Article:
What will happen during a Two-Stage appointment?

 
  1. The audiologist will ask you a few questions about how well you are able to hear in everyday situations and what difficulties you have.  
Click opens a new windowhere to see a form that will give you an idea of some questions you may be asked.  You may want to consider your answers to these questions before going to your appointment.  You can print this form and take it with you to your appointment as a reminder.
 
  1. Some of the questions will be about your general health and medical history, including details of any medications you’re currently on  – so be sure to make a note of any you’ve been taking recently, before your appointment.
  2. The audiologist will look in your ears with a special torch-like instrument called an otoscope to check the condition of your ear canals and eardrums.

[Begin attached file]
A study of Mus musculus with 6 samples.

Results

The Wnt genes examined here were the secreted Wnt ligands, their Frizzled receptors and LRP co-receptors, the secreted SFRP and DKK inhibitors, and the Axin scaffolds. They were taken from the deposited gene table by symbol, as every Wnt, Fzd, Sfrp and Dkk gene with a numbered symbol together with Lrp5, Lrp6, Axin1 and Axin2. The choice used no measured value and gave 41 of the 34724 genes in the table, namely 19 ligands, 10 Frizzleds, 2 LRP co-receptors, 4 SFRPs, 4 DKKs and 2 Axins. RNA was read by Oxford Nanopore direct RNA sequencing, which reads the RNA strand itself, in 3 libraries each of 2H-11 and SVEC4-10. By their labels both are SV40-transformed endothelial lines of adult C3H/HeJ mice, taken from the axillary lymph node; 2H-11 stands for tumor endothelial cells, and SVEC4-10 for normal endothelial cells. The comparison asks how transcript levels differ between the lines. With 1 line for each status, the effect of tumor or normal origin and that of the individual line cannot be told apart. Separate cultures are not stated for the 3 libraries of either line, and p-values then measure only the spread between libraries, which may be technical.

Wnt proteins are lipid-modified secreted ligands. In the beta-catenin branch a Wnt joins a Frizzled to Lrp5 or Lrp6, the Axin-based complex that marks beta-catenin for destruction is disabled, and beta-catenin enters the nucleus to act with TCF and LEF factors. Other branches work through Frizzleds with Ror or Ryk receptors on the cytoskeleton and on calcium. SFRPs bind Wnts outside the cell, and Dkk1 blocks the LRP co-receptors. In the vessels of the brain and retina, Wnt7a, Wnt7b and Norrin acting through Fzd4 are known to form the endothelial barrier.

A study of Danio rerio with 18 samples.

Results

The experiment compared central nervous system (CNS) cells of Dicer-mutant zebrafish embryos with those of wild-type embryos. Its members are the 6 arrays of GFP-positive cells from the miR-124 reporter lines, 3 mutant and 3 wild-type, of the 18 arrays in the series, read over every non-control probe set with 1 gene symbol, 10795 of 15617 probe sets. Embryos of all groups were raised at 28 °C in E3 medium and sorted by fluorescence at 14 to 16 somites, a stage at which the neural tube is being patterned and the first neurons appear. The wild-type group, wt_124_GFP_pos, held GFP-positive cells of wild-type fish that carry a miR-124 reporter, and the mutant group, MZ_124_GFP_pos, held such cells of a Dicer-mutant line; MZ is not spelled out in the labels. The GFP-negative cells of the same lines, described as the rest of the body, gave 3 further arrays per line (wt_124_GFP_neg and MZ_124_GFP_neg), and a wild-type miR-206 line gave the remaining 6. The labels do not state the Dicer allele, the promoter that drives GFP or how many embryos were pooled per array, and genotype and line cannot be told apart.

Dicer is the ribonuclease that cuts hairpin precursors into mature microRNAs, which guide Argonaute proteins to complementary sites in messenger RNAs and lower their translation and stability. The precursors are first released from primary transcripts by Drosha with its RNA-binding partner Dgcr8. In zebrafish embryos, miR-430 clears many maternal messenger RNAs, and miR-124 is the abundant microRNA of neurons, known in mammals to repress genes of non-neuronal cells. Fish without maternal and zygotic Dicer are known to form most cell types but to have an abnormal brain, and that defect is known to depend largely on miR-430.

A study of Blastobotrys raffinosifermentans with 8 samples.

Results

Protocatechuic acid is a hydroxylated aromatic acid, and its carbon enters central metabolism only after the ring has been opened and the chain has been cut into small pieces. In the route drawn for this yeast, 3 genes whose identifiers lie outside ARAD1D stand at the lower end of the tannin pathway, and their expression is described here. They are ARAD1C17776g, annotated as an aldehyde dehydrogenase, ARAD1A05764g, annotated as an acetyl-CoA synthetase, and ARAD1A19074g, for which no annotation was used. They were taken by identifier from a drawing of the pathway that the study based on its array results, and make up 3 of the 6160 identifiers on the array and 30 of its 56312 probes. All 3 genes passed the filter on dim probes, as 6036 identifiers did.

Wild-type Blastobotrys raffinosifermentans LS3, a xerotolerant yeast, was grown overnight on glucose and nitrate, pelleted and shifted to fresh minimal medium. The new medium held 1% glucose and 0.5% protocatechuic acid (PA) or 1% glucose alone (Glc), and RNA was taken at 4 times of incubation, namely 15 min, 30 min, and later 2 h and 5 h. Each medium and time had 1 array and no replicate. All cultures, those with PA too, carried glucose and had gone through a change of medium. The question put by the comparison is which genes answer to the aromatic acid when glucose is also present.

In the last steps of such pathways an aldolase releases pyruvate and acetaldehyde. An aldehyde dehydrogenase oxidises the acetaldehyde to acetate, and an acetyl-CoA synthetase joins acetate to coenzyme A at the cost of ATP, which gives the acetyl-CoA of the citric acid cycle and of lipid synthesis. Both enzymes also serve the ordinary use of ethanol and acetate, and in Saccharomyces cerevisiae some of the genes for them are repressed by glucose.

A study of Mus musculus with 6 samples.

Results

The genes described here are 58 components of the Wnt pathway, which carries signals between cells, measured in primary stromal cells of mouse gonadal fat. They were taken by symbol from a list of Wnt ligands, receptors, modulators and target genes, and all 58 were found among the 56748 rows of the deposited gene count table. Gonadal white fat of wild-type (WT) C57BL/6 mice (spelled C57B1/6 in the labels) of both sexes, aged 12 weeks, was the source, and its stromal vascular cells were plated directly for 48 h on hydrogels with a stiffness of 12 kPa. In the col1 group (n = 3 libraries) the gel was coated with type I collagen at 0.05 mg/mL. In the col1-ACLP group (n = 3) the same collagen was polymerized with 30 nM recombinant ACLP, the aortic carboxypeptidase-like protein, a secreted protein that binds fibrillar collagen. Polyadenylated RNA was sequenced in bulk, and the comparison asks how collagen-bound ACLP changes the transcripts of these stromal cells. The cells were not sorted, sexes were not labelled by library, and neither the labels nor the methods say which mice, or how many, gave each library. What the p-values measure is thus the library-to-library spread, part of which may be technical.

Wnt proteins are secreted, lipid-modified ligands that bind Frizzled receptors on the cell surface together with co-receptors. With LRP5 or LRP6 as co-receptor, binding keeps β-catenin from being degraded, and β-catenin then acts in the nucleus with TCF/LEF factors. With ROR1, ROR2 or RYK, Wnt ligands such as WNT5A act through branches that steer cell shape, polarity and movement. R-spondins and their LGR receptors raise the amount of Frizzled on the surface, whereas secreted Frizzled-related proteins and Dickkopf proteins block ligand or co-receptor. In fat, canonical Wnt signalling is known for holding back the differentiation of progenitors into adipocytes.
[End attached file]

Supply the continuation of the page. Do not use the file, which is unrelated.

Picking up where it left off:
3. Your hearing will then be tested and the results explained to you. 
  4. If the hearing test shows you have a hearing loss, your audiologist may talk to you about the possibility of hearing aids – but only if the test results suggest you are likely to benefit. If so, the results will help your audiologist decide whether require one for each ear, or whether just a single hearing aid would be more appropriate.
  5. If you decide to try using hearing aids, your audiologist will start by taking an ‘impression’ of your ears. These impressions, which exactly match the shape of the entrance to your ear canals, will be used as templates for producing custom-fit opens a new windowearmoulds for your new hearing aids. 

Taking the impression takes only a few minutes. Firstly, a small foam ‘plug’ with a thin string attached is placed a short way into your ear to protect it. Then, a small amount of soft, putty-like material is squeezed into your ear using a special tool. The putty takes a few minutes to set, after which it can be safely removed from your ear. The resulting impression is then sent to a laboratory to be made into the earmould, which will be ready by the time of your next appointment.
 
 
   An audiologist taking an impression of a patient's ear (Image © RNID)
 
 
  1. Your audiologist will then arrange for you to return and have your hearing aid fitted.